Fed reviewing credit standards in MLF program
The Federal Reserve is reviewing credit standards of its municipal short-term lending program, particularly for territories that are currently locked out of the program.
That’s what Fed Chair Jerome Powell said during a House Financial Services Committee hearing Tuesday. Currently, eligible issuers in its Municipal Liquidity Facility program must have an investment grade rating of BBB-/Baa3 from at least two nationally recognized rating agencies as of April 8, 2020.
“We’re reviewing our credit standards in the Municipal Liquidity Facility at the moment to determine if there is a way to adjust the facility in a way that would make eligible some creditworthy issuers without violating the spirit or letter of Section 13(3),” Powell said.
Section 13(3) of the Federal Reserve Act allows the Federal Reserve Board to engage in emergency lending, limited to programs and facilities with “broad-based eligibility” and defines those.
House Financial Services Committee Chairwoman Maxine Waters, D-Calif., noted changes Powell had made to the MLF, including increasing the population parameters of the program, but said territories, such as Guam, are still locked out.
Powell noted the territories are not investment grade, and were not investment grade before the coronavirus pandemic. He said territories like Guam would still be eligible for other types of lending programs.
In his written testimony, Powell said the MLF, along with other programs, have served as a solid backstop to the economy.
“With the MLF and other facilities in place as a backstop to the private market, many parts of the municipal bond market have significantly recovered from the unprecedented stress experienced earlier this year,” Powell said. “Municipal bond yields have declined considerably, issuance has been robust over the past two months, and market conditions have improved.”
The $500 billion dollar program was created in April with the intention that it would serve as a last resort for issuers. The MLF comes at a premium for issuers — a baseline 150 basis points for triple-A issuers to 590 basis points for below investment-grade-rated issuers.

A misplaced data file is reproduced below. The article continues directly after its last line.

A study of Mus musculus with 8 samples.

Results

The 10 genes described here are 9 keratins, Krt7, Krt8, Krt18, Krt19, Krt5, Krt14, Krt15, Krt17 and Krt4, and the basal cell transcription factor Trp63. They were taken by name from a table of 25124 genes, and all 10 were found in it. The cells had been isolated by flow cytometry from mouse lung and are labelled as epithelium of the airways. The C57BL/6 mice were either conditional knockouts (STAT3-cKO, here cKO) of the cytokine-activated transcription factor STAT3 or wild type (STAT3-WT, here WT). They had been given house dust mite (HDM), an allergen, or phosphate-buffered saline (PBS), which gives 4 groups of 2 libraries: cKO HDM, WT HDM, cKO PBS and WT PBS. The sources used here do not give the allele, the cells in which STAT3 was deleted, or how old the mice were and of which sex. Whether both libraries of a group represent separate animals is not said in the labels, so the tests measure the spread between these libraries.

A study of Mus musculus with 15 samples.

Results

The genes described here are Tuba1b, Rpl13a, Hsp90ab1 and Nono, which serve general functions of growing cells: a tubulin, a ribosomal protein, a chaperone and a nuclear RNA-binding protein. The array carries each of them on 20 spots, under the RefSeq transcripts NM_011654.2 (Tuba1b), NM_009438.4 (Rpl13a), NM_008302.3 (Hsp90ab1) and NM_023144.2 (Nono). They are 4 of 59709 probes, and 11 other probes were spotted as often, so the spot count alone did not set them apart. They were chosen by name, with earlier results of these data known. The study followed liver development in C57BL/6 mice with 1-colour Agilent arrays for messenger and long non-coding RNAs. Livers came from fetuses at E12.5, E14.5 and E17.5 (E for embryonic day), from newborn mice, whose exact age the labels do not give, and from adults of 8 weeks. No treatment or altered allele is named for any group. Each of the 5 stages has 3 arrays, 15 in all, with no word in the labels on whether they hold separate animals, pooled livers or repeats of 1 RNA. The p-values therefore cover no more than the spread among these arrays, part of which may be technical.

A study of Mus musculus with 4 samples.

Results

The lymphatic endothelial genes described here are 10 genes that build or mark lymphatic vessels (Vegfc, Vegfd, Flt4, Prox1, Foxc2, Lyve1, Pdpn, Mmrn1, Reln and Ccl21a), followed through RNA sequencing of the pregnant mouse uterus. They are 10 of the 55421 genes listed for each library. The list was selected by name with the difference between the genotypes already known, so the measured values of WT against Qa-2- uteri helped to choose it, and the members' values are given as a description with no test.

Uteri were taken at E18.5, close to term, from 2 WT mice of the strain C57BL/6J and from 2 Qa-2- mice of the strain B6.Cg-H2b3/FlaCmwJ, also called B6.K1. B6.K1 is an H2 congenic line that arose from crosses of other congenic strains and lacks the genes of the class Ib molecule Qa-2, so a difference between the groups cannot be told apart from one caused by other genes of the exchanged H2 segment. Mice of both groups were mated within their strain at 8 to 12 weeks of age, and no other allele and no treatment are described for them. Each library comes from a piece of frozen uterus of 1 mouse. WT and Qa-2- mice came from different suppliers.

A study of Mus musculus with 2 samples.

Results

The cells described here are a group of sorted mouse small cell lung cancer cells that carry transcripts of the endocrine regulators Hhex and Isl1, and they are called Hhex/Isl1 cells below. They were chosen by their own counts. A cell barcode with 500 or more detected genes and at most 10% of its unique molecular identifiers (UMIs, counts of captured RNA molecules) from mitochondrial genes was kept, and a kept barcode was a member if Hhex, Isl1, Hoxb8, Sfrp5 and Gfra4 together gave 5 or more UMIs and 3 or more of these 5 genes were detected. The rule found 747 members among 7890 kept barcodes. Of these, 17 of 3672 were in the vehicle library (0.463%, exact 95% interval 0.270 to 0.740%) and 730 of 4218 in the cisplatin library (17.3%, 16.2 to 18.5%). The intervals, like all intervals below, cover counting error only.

In a report released by the Fed on Monday, economists said secondary market conditions have stabilized since March. Yields spiked in mid-March and now AAA and AA-rated securities have returned to pre-pandemic levels.
“The path of yields shows the combined effects of two policy actions: changes in the level of interest rates and the impact of Federal Reserve facilities and other government interventions,” the Fed said.
Yield ratios have also returned to their historical norms, which the Fed said was supported by liquidity through its programs such as the MLF, the Money Market Mutual Fund Liquidity Facility and its Commercial Paper Funding Facility.
Outflows from mutual funds have reversed. Inflows reversed in March with outflows of $43 billion. Since the first week of May, those mutual funds have received net inflows each week, the Fed said.
Issuance has also picked up, especially for AAA and AA-rated securities.
On Monday a group of more than 170 organizations signed a letter to Senate leaders Mitch McConnell, R-Ky., and Chuck Schumer, D- N.Y., asking for immediate support to state and local governments.
Many governments’ fiscal years start on June 30 and many have faced budget shortfalls. The letter was penned by the National Association of Counties, National Governors Association, National League of Cities, International City/County Management Association, The United States Conference of Mayors, The Council of State Governments and the National Conference of State Legislatures.
“Unlike the federal government, these state and local governments must begin their fiscal years on time and with a balanced budget,” the groups wrote. “If the Senate fails to act immediately to support state and local governments, our nation’s recovery from the pandemic-induced recession will suffer and millions of Americans will needlessly be harmed.”
Furloughs and job cuts are on the table for many municipalities, they wrote, which affects government services, but also adds to state unemployment.
“The damage will get far worse without federal assistance, forcing drastic cuts that will further delay and cancel infrastructure projects, as at least 26 states have announced construction delays for transportation projects,” the groups said. “The loss of such projects will ripple through states’ construction industry, delaying recovery further.”